LOS ANGELES -- Los Angeles County lease-revenue bonds and certificates of appreciation received a one-notch Moody's Investors Service upgrade to Aa3.
The upgrades, reducing the distance between the county's Aa2 issuer rating and the rated revenue bonds and COPs, stem from methodology changes that Moody's made in July to the way it rates lease-backed obligations, annual appropriation obligations and moral obligations issued by state and local governments.
The Aa3 ratings are now one notch lower than the county's Aa2 Issuer Rating. The outlook on the upgraded ratings Is positive, reflecting the positive outlook on L.A. County's issuer rating.
Moody's upgraded to Aa3 from A1 lease revenue bond Series 2005, 2010A, 2010B, 2012, 2015A, 2015B, 2015C and 2016D. Analysts also upgraded to Aa3 from A2 lease revenue bonds Series 2011A and 2014A and Certificates of Participation Series 1999, 2000, 2001.
"The one notch difference between the county's issuer rating and lease-backed obligation ratings reflects the standard legal structure for these California abatement lease financings and 'more essential' leased assets," according to the Moody's report. "These leased assets include the county's hospitals, libraries and social service buildings, to name a few. The notching also reflects certain strong legal features of California general obligation bonds that are not shared by lease-backed obligations."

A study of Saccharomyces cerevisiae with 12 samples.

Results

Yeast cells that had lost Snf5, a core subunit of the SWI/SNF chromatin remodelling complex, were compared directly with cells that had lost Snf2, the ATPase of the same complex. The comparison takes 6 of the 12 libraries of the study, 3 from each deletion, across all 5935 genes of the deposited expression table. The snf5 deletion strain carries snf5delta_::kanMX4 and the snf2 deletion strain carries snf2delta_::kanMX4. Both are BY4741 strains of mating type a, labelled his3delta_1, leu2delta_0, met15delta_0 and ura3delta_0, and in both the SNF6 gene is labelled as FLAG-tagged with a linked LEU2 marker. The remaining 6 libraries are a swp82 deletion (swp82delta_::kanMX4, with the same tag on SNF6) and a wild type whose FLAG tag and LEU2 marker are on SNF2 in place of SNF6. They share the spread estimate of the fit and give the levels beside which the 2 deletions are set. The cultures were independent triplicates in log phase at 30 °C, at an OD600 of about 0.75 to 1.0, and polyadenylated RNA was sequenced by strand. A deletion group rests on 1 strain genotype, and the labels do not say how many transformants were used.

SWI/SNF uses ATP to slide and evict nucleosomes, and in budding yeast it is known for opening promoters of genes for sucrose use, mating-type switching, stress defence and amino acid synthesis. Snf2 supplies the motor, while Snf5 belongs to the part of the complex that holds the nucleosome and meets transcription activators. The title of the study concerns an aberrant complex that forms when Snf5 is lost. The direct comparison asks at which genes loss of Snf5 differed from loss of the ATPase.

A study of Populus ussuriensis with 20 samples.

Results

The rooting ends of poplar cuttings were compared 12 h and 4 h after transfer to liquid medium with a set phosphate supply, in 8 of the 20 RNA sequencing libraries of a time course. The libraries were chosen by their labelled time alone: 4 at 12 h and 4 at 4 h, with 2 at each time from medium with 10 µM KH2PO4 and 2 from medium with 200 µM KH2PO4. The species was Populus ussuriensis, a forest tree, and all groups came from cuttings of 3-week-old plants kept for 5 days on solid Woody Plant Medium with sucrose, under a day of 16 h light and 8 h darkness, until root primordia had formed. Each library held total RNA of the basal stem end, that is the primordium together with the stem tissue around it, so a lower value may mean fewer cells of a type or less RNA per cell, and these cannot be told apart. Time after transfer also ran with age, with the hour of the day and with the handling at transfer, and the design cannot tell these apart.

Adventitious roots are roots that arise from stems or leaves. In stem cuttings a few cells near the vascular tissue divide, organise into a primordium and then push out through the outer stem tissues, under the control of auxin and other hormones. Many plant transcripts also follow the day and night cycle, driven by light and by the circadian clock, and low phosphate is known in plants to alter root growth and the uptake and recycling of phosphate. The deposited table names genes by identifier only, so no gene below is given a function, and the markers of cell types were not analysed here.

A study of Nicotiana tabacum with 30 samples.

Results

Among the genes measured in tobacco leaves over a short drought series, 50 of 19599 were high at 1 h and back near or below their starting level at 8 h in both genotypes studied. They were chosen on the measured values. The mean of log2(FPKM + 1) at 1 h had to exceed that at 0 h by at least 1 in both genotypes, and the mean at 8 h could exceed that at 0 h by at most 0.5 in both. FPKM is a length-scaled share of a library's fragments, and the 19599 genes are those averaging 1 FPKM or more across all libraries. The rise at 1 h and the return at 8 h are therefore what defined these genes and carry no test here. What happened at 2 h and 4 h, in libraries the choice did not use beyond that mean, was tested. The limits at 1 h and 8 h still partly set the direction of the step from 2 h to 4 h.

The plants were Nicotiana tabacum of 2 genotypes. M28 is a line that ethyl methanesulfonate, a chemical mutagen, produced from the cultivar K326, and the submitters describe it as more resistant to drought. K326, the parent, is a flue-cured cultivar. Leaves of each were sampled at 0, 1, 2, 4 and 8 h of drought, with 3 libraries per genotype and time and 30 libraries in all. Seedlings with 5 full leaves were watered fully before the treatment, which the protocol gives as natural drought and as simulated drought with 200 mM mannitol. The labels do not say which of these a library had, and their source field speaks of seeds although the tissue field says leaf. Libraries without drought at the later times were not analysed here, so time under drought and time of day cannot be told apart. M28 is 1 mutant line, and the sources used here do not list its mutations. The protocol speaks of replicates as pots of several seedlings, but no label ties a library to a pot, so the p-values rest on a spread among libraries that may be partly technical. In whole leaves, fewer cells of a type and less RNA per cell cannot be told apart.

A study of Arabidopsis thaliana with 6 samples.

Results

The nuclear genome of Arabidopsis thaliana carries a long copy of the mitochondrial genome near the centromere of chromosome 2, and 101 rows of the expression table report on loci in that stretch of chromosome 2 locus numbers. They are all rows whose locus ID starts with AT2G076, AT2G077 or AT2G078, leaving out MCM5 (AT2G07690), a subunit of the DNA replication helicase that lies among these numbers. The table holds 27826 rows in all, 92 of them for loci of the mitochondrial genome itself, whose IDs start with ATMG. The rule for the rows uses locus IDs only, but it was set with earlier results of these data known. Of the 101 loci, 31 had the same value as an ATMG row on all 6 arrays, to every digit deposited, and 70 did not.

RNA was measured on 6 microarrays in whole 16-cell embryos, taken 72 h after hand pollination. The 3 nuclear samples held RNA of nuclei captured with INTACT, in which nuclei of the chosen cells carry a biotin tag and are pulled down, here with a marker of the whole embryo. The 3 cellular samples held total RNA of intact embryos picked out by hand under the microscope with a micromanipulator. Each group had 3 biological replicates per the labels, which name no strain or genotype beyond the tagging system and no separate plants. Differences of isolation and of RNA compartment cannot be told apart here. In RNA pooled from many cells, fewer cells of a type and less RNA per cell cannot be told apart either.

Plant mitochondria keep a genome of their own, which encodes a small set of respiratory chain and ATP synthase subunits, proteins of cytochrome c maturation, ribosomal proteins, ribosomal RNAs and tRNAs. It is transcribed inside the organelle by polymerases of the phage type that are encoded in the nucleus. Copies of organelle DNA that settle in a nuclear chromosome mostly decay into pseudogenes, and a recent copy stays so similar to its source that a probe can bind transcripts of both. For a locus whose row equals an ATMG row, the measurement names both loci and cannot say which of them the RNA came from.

The lease revenue bonds under the master lease established in are unlike some earlier county lease obligations, as the master lease does not provide the creditor with the right to re-enter or re-let the leased property in the event of a county payment default. This limitation results in a relatively weaker security. But given the county's overall credit quality, this relative weakness is not sufficient at this time to warrant a rating distinction, Moody's said.
Similarly, the county's COPs Series 1999, 2000 and 2001 have the same security provisions as those of the county's other capital leases, except that the creditor does not have recourse to an asset in the event of non-payment. Like the master lease obligations, this relative weakness does not by itself warrant a rating distinction at this time, according to Moody's.